Moringa oleifera is an autotroph which uses photosynthesis to acquires it food. It takes in water, carbon dioxide and light from the earth to produce glucose which it then stores as starch. It is a primary producer that is used as food source for animals including humans. Almost every part of the plant is edible and extremely nutritious. The part of the plant that is most widely used and valued is the immature pods because they contain all the essential amino acids along with various vitamins and nutrients. Before the pods reach maturity, they are eaten either raw or in the same  way that green peas and green beans are prepared. Once the pod is mature, they are fried and possess a peanut-like taste. The oil produced by the seeds is also extremely useful. It has a sweet taste to it and never becomes rancid. The nutritional value is similar to that of olive oil. The bark is eaten as a source for coarse fiber. The flowers are rich in potassium and calcium. Unlike the immature pods, the flowers must be cooked. They are normally either mixed with other foods or fried in a batter. The leaves are one of the most versatile part of the plant. They can be eaten in salads, vegetable curries, as pickles, or used for seasoning. They can also be ground up and used as a cleaning utensil for scrubbing walls and utensils. The roots were once used as a substitute for horseradish, but it is now know that they contain alkaloids, similar to potatoes that have turned green due too much exposure to sunlight. The roots are rich in both moriginine and spirochin, both of which result can result in death after ingestion.

The nutritional value of Moringa oleifera leaves in South Africa was determined by a study in which leaves were collected and milled into a powder. The powder was then analyzed for crude protein, crude fat, dry matter, calcium, magnesium, potassium, phosphorous, zinc, iron, copper, manganese, selenium, and sodium. The amino acid composition was found using and amino acid analyzer. It was found that M. oleifera leaves contain 19 different amino acids and many nutritious compounds, the most noteworthy being crude proteins. The amount of  proteins that M. oleifera  contains aids in boosting the immune system and fighting diseases. It was also found to have high levels of methiononie and cystenine which are powerful antioxidants which help the body detox harmful chemicals and protect it against radiation. High levels of zinc was discovered as well. The is beneficial because zinc is essential for the synthesis of DNA, RNA, and insulin, the function of several different enzymes, and is an anti-viral, anti-bacterial, anti-fungal, and contains anti-cancer properties. Beta-carotene, the most potent precursor to vitamin A, was found to be rich in Moringa oleifera. This helps reduced anemia and the prevalence of vitamin A deficiency.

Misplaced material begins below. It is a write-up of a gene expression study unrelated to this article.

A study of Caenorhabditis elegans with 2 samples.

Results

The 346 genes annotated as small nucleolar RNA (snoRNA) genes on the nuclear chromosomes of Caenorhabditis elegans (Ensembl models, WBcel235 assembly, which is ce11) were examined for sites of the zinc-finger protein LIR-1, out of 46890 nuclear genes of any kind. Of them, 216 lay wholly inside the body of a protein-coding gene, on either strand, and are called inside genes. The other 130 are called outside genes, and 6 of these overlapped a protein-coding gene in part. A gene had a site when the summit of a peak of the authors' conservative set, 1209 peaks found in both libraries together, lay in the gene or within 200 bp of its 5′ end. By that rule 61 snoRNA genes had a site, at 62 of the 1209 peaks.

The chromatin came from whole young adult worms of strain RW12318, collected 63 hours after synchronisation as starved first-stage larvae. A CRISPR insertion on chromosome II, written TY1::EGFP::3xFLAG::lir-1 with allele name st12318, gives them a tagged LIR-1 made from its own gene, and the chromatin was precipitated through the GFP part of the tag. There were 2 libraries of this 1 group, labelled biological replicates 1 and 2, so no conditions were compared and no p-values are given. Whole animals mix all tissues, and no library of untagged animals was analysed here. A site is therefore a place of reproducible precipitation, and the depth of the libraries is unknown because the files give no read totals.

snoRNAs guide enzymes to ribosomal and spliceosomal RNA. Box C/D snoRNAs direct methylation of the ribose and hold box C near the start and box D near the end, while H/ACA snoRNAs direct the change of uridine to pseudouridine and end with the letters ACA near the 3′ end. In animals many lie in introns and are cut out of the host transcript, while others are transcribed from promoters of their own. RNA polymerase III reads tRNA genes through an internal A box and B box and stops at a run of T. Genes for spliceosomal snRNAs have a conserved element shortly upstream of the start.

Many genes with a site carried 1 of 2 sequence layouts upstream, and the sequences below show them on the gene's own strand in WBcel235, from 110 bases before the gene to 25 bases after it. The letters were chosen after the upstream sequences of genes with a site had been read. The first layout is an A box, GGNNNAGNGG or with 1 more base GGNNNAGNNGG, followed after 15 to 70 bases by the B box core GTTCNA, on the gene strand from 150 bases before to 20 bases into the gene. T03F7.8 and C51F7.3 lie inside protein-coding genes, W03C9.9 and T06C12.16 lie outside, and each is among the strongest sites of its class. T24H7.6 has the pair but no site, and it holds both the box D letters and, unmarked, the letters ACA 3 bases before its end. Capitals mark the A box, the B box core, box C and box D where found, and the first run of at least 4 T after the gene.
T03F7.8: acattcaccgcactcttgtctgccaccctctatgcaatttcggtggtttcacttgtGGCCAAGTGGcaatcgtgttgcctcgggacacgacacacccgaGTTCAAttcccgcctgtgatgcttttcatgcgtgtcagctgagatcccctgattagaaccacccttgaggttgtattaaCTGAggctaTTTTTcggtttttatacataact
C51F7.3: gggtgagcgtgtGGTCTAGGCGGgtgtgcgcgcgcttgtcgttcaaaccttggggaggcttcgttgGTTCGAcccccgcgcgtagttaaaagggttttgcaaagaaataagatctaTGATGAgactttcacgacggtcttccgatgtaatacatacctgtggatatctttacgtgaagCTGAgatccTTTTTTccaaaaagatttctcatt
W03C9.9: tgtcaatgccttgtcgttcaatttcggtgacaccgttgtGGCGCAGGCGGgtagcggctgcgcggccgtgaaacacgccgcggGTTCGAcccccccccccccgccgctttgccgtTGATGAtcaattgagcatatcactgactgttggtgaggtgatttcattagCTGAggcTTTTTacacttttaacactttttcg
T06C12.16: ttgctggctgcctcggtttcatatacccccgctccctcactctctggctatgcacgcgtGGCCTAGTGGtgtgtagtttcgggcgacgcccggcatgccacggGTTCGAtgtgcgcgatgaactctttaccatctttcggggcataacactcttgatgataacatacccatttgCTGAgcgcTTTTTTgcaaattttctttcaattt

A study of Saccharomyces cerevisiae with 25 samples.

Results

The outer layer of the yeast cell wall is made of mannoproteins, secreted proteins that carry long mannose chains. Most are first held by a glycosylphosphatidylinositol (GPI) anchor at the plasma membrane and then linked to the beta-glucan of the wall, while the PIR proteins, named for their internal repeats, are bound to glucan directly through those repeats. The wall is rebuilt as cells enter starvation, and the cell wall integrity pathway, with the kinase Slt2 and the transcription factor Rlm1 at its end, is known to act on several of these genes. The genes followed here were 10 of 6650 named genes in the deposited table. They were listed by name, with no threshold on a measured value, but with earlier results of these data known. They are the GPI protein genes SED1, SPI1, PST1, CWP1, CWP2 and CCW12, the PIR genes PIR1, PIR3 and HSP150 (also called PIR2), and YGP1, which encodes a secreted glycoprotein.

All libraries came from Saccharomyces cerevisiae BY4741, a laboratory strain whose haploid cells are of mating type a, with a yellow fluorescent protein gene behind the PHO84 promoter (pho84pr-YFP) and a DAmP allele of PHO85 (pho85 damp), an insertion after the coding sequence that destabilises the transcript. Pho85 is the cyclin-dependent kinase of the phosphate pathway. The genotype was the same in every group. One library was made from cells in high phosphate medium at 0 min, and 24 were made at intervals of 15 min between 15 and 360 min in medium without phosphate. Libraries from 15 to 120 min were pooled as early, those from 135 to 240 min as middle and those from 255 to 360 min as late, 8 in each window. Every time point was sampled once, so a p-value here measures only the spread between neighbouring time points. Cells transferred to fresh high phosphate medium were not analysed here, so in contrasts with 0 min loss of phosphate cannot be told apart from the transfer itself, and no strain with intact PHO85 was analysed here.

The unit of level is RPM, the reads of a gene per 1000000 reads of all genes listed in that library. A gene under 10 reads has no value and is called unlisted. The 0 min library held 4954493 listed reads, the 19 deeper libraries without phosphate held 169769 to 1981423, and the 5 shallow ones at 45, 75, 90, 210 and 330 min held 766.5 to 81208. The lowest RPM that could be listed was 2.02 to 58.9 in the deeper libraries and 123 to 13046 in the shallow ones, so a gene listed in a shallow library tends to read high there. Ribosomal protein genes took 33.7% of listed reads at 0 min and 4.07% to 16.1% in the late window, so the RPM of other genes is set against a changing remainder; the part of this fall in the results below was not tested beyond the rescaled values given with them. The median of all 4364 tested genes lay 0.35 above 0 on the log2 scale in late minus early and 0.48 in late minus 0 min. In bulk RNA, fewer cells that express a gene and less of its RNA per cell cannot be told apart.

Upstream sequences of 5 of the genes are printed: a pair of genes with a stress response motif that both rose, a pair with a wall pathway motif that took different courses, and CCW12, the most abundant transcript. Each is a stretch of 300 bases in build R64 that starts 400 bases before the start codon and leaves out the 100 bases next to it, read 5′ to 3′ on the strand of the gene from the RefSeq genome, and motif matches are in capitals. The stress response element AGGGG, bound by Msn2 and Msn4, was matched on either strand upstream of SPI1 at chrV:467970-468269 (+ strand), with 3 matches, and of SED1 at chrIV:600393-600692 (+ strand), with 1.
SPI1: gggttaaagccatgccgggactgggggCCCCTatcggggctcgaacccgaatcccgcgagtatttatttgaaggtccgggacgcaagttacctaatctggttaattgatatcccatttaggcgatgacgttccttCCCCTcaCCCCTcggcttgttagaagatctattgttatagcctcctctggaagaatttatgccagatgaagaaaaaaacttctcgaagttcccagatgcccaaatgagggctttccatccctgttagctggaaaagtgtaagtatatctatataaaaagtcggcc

Another study was conducted to compare the nutritional value of Moringa oleifera to other indigenous food sources in Kenya. The food sources compared were:


finger millet (Eleusine coracana)

amaranth grain (Amaranthus cruentus)


pigeon pea (Cajanus cajan)

field bean (Dolichos pupureum)

Oil Seeds

ground nut (Arachis hypogea)

pumpkin seeds (Cucurbita maxima)

sunflower seeds (Helianthus annuus)


pumpkin and pumpkin leaves (Cucurbita maxima)

butternut (Juglans cinerea)

sweet potato (Ipomoea batatas)

drumstick leaves (Moringa oleifera)

amaranth leaves (Amaranthus hybridus)

Each substance was made into an extract and analyzed to determine the phenolic content and the antioxidant and anti-diabetic proprieties. It was found that Moringa oleifera, the drumstick leaves, and the amaranth leaves contain a significantly high level of total phenolics and anti-diabetic and antioxidant properties compared to all the other indigenous foods analyzed. It was also found that cooking M. oleifera  did not cause any significant change in the phenolic content. Blanching the plant, however, denatured the phenolic compounds and therefore adversely affected the antioxidant and anti-diabetic properties. Because cooking seemed to have little impact on the phenolic content, it's the best form of preparation for this vegetable.

Moringa oleifera is especially nutritious because it has more vitamin A and C than carrots and oranges. It also has more calcium than milk, more protein than eggs, and more potassium than bananas. This is the main reason why Moringa oleifera was utilized by the ancient Greeks, Romans, and Egyptians, and still is continued to be used by those in Asia and Africa.

Find out more about the recipes that use Moringa oleifera as an ingredient here!